Bill Gates' solution to income inequality

  • metta

    Posts: 39090

    Nov 10, 2014 6:19 AM GMT
    Bill Gates' solution to income inequality

    http://fortune.com/2014/10/15/bill-gates-income-inequality/
    I wonder if cooperating with domestic spying and getting paid for it falls under his definition of "using money for good".
    I have a better idea: Just give all the money to me. icon_biggrin.gif
    He's not an economist........I respect his technical innovations but when it comes to income inequality I'd rather hear from an expert.
    I see so many flaws in Mr. Gates theory. Naturally it would start off like income taxes: a simple concept like "tax on your income ". Then the lawyers and accountants start sharpening their pencils. "How do we define 'income'?" Next thing you know the Tax Act is bigger than the Bible . Same thing would happen with The tax on "savings " idea.

    Piketty's idea of a capital tax is even more lame brained. His fear that wealth will increasingly be concentrated in the hands of a few thus threatening democracy completely fails to take into account the simple fact that family wealth is usually dissipated within a few generations. By and large today's Bizzilionnaires are not descendants of the Billionaires of a hundred years ago. Sure there are holdouts (hello Messieurs Rockefeller and Rothschild) but most family fortunes are inevitably lost and the money re-distributed.
    At least everyone seems to agree on the necessity of an estate tax.

    The consumption tax proposed is idiotic. The problem is that the house always wins, so if I have more money than you and we have equal chances of winning then there's a large chance that I get all your money when we bet against each other (because there'll be flux between which one of us is ahead but you'll run out of money before me). And then you are out and I can move on to someone else. It's simplified but we need to cut to the bone here.

    Trickle-down economy is a lie. Over a certain income threshold people start to save and invest more. Investments are good but look at companies like Apple and Google. They have massive cash reserves. In theory they should be investing but there just aren't enough good things to invest in.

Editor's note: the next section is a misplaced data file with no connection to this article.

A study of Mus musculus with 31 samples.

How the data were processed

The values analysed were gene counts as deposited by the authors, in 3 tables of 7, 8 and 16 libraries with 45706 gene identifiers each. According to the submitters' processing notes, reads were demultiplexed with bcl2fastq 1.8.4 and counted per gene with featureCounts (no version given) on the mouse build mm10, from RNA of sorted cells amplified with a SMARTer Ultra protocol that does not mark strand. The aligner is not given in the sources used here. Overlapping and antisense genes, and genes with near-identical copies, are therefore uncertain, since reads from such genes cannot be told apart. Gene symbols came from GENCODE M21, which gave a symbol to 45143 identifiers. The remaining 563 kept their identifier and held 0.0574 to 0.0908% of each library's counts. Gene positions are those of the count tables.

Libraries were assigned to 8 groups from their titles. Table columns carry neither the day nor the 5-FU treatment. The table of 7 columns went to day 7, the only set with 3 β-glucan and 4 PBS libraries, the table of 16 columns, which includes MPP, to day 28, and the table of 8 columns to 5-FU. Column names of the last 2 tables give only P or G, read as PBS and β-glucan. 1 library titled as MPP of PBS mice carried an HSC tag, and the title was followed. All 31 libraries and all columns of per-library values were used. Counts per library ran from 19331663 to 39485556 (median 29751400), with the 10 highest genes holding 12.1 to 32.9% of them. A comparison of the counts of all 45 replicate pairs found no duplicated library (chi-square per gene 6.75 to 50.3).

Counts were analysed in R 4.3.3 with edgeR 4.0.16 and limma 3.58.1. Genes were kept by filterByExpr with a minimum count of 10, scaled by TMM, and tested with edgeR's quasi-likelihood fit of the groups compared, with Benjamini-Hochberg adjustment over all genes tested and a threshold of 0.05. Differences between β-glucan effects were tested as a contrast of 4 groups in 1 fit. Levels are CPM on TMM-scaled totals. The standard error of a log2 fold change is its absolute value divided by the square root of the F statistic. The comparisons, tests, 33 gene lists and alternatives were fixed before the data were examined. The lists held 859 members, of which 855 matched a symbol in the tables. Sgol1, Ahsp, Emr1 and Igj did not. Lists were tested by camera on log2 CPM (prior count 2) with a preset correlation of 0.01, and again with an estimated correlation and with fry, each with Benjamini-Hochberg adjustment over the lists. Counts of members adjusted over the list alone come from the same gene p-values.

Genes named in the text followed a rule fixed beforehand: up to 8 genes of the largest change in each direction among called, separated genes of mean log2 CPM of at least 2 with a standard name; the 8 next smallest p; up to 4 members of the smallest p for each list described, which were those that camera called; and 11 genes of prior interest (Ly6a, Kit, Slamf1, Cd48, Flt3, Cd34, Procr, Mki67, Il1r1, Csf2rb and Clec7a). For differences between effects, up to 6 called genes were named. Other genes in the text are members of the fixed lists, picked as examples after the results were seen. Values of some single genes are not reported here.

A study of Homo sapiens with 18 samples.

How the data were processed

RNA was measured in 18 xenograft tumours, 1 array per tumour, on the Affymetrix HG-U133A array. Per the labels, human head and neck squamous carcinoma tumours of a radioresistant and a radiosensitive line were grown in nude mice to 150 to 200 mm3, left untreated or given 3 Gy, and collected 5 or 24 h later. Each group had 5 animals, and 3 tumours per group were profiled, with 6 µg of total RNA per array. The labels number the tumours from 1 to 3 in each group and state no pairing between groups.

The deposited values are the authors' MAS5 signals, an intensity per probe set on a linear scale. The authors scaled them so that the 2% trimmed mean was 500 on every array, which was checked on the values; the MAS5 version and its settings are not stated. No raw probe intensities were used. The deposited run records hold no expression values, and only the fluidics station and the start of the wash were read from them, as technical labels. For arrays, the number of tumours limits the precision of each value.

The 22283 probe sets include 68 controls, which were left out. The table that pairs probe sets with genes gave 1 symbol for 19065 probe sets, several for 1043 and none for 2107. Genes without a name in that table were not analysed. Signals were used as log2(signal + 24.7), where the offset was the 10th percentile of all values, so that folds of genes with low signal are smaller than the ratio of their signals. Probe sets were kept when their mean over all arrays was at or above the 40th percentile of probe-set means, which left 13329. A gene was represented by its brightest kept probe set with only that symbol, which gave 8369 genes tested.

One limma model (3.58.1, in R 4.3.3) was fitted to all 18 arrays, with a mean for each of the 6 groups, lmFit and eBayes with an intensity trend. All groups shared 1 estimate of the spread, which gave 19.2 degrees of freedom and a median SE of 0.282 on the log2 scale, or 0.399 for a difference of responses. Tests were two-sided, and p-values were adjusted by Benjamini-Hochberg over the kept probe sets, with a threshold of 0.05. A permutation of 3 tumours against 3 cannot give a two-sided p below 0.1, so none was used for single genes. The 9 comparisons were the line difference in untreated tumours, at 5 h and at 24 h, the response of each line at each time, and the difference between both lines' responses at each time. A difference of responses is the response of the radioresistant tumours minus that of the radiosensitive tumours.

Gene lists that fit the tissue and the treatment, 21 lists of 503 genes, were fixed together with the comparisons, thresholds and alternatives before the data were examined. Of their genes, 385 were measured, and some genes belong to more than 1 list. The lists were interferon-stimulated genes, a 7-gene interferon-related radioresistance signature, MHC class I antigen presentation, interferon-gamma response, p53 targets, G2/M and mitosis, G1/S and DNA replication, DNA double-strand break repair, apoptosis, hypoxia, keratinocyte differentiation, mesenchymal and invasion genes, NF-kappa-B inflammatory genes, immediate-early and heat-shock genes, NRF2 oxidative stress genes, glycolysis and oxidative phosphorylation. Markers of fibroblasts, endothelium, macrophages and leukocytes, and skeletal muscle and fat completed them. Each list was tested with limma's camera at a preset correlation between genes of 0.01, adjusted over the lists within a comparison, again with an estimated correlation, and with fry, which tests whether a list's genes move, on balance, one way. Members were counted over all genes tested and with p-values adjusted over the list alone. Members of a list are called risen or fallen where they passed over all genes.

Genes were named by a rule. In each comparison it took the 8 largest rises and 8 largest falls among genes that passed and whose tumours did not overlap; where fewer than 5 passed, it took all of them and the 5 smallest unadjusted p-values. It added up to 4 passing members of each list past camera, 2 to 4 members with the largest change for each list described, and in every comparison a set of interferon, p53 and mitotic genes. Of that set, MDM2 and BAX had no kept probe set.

Poor people provide more economic stimulus which is why stimulus checks went in equal size to American citizens rather than to the richest. But as the wealth gap increases, the fraction of total money that are "in motion" decreases and economy slows. If the fraction of the US population that buy iPhones decreases from 28% to 14% then Apple is not going to be doing better, are they? Even if those that can afford them become richer.
  • mstone18

    Posts: 84

    Nov 11, 2014 2:19 AM GMT
    Leveraging a Tax code to implement social policy is pretty much doomed to failure. It can't last long in any form due to politics, which tend to ignore social morals.

    One truism however is a civilization tends to begin and end with its Tax code. When it become too inflexible that civilization tends to end. And a new one emerges.

    Tax codes around the world are currently somewhat based on each other and remarkably similar. What's fair seems to be judged by how long its been enforced.. as if that in itself is justification for its existence.

    We still live in a nationalistic tax era, but more and more trade policy seems to be merging economies. At the macro level what happens with International Corporations and their taxes will probably trickle down to us.

    At the micro level what happens at the municipal and state level will probably be of more concern.. and those are driven by politics.

    It would be nice to think we can stand above politics and use taxes as a tool for social good and change.. but I just don't see that happening.